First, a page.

San Francisco to name first-in-nation drag laureate
Anti-trans legislation is roiling the nation. Bills prohibiting drag performances are cropping up in statehouses. Violence and vitriol are turning children’s drag story hour events into headline-news protests.
San Francisco is fighting back Thursday by naming the nation’s first drag laureate, an ambassador-style position designed to represent the city’s famous LGBTQ community at a time when rights are under attack.
In a city known for its support of LGBTQ rights, San Francisco Mayor London Breed says it was a natural step to create a position that not only embraces drag culture but puts government resources toward it. D’Arcy Drollinger, a well-known drag performer and nightclub owner, will receive a $55,000 stipend in her 18-month role as the city’s inaugural drag laureate.
“My goals are to make San Francisco sparkle. I think drag performers bring a lot of sparkle and humor and glamor and silliness to the world. I think that is part of why drag is so successful,” Drollinger said, adding that she expects to be in drag for the entirety of her role. “I’m going to be in drag pretty much 24/7 for the next 18 months.”
She noted San Francisco’s drag community is already politically engaged and active.
“There’s a lot of power for the drag community in San Francisco,” she said. “I feel very honored to be able to take that one more step.”
West Hollywood is on the verge of appointing its own drag laureate later this month, though at a much lower salary and with limited engagements. In New York, where the Stonewall riots marked a major turning point in the fight for LGBTQ rights, a 2021 effort to create such a position has languished in a committee, reflecting the challenges of creating such jobs even in liberal cities.
In San Francisco, Drollinger will inaugurate the role three weeks before Pride Month begins. Her duties will span from producing and participating in drag events to serving as a spokesperson for San Francisco’s LGBTQ community to helping officials to ensuring the city’s drag history is “shared, honored and preserved.” The job posting sought someone who will “embody San Francisco’s historic, diverse and inclusive drag culture, elevating the entire community on the national and international stage.”
The city’s mayor called Drollinger a “bright star in San Francisco″ for her advocacy and elevation of the city’s drag community.
“Whether it’s through a tragedy or to celebrate an occasion, she really has been a leader in this community and supporter of so many others,” Breed told The Associated Press.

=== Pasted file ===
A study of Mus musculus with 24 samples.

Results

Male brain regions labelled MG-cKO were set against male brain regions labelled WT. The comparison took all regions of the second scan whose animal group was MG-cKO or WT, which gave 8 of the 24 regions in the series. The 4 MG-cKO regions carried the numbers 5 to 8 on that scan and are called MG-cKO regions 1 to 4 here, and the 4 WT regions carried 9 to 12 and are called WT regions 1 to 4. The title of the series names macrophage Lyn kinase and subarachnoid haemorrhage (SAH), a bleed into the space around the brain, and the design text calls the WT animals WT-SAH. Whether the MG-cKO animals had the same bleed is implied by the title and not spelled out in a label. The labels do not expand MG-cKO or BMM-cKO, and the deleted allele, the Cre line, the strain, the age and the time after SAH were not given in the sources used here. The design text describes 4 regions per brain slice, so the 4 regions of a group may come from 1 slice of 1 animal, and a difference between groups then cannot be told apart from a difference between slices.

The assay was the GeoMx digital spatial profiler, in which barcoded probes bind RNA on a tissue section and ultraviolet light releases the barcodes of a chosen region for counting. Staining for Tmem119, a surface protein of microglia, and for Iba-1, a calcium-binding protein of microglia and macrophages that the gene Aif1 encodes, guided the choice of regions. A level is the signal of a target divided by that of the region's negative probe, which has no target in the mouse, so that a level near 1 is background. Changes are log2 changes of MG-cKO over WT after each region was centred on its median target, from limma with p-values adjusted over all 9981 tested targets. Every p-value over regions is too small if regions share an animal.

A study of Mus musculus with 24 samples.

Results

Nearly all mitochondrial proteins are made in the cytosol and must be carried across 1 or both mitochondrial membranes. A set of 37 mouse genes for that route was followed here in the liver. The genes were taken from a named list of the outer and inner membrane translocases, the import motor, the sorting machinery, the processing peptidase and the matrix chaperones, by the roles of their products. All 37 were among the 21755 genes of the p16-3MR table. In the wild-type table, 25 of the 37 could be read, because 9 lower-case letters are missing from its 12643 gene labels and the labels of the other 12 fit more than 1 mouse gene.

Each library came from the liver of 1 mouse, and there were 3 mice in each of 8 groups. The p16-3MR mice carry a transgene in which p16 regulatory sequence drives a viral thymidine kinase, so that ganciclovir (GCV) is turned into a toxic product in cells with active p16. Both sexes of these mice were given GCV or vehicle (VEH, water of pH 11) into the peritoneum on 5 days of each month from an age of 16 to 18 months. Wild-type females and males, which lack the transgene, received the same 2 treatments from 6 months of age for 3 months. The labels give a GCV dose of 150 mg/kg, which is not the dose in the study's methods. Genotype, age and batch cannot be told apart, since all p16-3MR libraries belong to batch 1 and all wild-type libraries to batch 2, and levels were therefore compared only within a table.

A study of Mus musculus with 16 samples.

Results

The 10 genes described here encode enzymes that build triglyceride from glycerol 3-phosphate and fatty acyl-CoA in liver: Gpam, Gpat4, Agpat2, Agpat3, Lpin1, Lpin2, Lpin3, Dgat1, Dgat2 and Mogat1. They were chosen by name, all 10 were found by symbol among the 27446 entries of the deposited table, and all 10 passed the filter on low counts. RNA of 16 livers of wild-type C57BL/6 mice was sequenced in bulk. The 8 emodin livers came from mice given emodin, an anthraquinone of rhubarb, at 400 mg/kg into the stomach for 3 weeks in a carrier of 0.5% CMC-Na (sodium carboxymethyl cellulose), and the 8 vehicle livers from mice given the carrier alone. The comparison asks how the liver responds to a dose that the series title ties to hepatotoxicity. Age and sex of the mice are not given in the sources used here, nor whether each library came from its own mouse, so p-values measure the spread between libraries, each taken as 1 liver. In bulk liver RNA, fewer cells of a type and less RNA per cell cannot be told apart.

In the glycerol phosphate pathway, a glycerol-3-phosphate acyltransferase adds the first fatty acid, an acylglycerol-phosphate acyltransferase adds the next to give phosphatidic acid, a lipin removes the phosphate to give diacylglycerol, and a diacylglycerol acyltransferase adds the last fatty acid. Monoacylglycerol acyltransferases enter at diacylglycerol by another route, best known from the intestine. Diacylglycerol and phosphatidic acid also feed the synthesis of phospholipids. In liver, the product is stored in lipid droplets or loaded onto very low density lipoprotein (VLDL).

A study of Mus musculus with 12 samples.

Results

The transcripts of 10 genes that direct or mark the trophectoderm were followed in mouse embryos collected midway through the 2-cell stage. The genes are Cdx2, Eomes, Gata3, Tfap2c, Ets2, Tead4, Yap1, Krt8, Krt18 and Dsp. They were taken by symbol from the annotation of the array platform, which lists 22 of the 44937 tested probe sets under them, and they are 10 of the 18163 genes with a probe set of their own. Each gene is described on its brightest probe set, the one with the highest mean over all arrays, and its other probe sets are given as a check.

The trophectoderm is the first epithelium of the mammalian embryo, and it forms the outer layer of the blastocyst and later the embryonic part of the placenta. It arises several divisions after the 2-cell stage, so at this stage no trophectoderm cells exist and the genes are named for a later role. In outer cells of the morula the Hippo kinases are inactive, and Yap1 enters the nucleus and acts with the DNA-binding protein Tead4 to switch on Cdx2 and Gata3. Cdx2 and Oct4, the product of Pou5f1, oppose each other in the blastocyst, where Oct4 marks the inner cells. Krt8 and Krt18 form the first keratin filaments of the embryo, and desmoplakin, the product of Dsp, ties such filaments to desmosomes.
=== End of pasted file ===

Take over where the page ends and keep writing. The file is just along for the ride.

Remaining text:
Drollinger said she felt both nervous and honored when she was told the job was hers, given the recent violence targeting drag performers, even in the Bay Area.
“I know that there are a lot of anti-drag folks out there, and they are very loud, right? But I also don’t want to live my life under the shadow of fear. I don’t want to have intimidation stop me from growing,” she said. “So, yes, I am a little nervous. But I got a lot of fabulous people and fabulousness behind me.”
Members of the Proud Boys sparked a hate crimes investigation when they protested and shouted slurs outside a Bay Area library hosting Drag Story Hour, where drag queens read to kids, last June. In Oregon last year, demonstrators — some of them armed — threw rocks and smoke grenades at each other outside a drag event.
In November, a shooter at a Colorado Springs nightclub turned a drag queen’s birthday party into a massacre, killing five people and injuring 17 more. The suspect was charged with hate crimes and murder.
The American Civil Liberties Union is tracking 474 anti-LGBTQ pieces of legislation in the U.S., including Tennessee’s first-in-the-nation law that essentially bans drag from public property or in the presence of minors. A federal judge temporarily blocked the measure hours before it was set to go into effect in late March.
Jonathan Hamilt, executive director of Drag Story Hour, a global nonprofit event network that began in San Francisco in 2015, said he hopes other cities across the country will enact their own drag laureate programs.
“It’s just having that visibility and having that personal human connection — having that social story of someone from your community that looks like you or someone that you see or interact with on a regular basis,” Hamilt said.
New York City Councilmember Kristin Richardson Johnson plans to keep pushing for a drag laureate in her city if the position doesn’t win support this year. Jack McClatchy, the elected official’s legislative and budget director, couldn’t give a specific reason for why the effort has stalled, only noting that it’s one of more than 1,000 bills before the council.
West Hollywood, which was founded in part by LGBTQ activists in 1984, is expected to name its drag laurate in the coming weeks after a 2021 attempt failed over a pay dispute. Officials originally advertised the position with a $5,000 stipend, nearly double what the city’s poet laureate gets. Pushback prompted the council to raise it to $15,000 annually for the two-year term that begins July 16 — International Drag Day.
Drollinger owns the Oasis nightclub, which hosted “Meals on Heels” after the COVID-19 pandemic shutdown, where drag performers brought food, cocktails and socially distant lip-synching performances to home-bound customers.
“I hope that the drag laureate position telegraphs to the rest of the country that drag is not something to be scared of,” Drollinger said. “Drag is something to celebrate.”